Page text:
Capital Gains & Estate Taxes
CAPITAL GAINS EFFECTIVE JANUARY 2001 - SUBJECT TO CHANGE
Lower Capital Gains Rates
For individuals, the maximum tax rate on net capital gain from sales or 1031 exchanges occurring after May 6, 1997 is to be reduced to:
- A maximum tax rate of twenty (20%) percent for sales made after May 6, 1997, if the property had been held for more than 18 months at the time of sale. This twenty (20%) percent rate is also available for property sold after May 6, 1997, and before July 29, 1997, if the property had been held for more than 12 months (even if it had not been held for 18 months).
- A maximum tax rate of eighteen (18%) percent for sales of property acquired after December 31, 2000, that had been held for more than 5 years at the time of the sale.
- Twenty-five (25%) percent for real estate depreciation recapture treated as capital gain. The current twenty-eight (28%) maximum capital gain rate will continue to apply to:
- Sales of collectibles
- Sales before May 7, 1997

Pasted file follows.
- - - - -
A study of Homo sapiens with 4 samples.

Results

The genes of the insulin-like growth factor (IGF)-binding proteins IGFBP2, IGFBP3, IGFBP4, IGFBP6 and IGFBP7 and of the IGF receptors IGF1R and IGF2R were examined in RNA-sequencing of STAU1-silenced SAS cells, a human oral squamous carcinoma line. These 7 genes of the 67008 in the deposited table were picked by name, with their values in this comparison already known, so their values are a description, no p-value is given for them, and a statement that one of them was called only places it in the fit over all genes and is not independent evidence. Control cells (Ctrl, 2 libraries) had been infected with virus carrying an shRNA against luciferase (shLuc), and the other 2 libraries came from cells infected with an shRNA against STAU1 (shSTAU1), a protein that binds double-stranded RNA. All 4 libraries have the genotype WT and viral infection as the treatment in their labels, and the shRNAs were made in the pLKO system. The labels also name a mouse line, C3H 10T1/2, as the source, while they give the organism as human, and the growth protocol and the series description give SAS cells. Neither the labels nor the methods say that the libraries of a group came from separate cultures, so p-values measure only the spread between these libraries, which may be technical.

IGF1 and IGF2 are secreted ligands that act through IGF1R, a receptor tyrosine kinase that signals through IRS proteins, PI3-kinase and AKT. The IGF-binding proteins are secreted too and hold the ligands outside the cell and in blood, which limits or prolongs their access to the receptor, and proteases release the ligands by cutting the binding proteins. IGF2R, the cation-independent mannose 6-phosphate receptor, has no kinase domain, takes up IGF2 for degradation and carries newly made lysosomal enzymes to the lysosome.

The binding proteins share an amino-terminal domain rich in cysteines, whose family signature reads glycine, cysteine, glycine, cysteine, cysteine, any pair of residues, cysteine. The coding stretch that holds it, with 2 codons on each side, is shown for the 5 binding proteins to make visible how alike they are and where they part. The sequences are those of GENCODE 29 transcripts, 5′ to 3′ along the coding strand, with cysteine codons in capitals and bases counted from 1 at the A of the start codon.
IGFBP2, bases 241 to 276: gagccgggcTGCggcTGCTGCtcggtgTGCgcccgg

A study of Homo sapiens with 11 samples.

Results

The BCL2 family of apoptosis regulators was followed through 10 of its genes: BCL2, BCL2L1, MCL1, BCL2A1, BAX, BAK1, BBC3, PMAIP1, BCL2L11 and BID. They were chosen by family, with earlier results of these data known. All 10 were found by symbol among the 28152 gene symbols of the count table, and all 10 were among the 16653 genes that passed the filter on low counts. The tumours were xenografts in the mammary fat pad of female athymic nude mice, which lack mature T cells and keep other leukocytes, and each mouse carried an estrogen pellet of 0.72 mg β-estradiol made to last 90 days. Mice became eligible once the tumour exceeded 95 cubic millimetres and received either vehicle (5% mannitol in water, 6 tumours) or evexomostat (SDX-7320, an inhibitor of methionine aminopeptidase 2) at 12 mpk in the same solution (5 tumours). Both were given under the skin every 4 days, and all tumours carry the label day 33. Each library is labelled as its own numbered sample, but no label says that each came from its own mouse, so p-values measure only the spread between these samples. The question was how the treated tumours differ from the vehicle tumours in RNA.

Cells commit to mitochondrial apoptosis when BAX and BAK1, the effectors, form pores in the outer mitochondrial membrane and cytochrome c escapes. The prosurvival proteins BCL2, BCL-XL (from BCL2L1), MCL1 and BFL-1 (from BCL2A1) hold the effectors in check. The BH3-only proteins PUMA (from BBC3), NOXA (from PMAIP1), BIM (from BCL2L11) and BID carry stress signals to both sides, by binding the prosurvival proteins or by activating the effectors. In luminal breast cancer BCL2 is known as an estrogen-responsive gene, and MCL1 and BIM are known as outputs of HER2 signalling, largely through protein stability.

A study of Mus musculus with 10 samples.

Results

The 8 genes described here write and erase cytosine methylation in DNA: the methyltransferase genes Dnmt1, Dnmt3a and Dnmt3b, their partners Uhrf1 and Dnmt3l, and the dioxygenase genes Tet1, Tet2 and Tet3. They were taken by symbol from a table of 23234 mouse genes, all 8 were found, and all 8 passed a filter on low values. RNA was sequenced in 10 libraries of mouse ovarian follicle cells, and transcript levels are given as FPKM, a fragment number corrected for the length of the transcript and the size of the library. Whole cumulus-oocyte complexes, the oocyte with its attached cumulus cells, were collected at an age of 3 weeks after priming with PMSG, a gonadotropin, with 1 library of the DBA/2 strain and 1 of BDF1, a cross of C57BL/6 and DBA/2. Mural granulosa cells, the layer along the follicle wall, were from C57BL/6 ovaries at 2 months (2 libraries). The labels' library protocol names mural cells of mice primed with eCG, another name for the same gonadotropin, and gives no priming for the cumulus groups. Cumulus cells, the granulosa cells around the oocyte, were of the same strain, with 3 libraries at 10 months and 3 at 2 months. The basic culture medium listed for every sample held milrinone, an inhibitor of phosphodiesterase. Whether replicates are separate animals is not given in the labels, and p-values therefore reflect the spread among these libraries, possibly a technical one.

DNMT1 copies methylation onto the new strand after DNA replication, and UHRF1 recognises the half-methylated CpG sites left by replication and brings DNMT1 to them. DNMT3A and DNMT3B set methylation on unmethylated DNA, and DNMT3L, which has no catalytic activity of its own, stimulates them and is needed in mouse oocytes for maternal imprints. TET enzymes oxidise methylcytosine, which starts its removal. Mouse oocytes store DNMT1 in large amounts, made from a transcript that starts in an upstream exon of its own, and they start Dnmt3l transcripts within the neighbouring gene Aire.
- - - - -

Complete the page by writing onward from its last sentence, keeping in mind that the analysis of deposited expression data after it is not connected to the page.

- Sales after July 28, 1997, of property held for more than one year but not more than 18 months
Gain from Sale of a Principal Residence
The Act allows taxpayers to exclude up to $250,000 of gain ($500,000 for couples) every two years. That means if you sell your home in two years and realize a gain of $250,000 for singles and $500,000 for couples, you can buy another apartment and do it all over again, every two years.
EFFECTIVE JANUARY, 2001 - SUBJECT TO CHANGE
Beginning in 1998, the unified estate and gift tax credit will increase annually until the maximum value of estate exempt from tax reaches $1 million in 2006. The current limit is $600,000.
Beginning in 1999, the $10,000 annual exclusion for gifts, the $750,000 ceiling on special use valuation, the $1 million generation-skipping transfer tax exemption, and the $1 million ceiling on the value of closely-held business eligible for the special low interest rate will be indexed annually to reflect inflation. The provisions apply to estates of taxpayers dying and to gifts made after December 31, 1997.
Beginning in 1998, executors may elect special estate tax treatment for qualified "family-owned business interests" if these interest comprise more than fifty (50%) percent of a decedent's estate and certain other requirements are met. Because the Act limits the combined value of this credit and the unified estate and gift tax credit to $1.3 million, the amount of this exclusion that will be available each year will decrease as the value of the unified credit increases during its phase-in period. In 1998, the provision will exclude up to $675,000 of value in qualified family-owned business interests from a decedent's taxable estate, (i.e., $1.3 million minus the $625,000 unified credit available in 1998).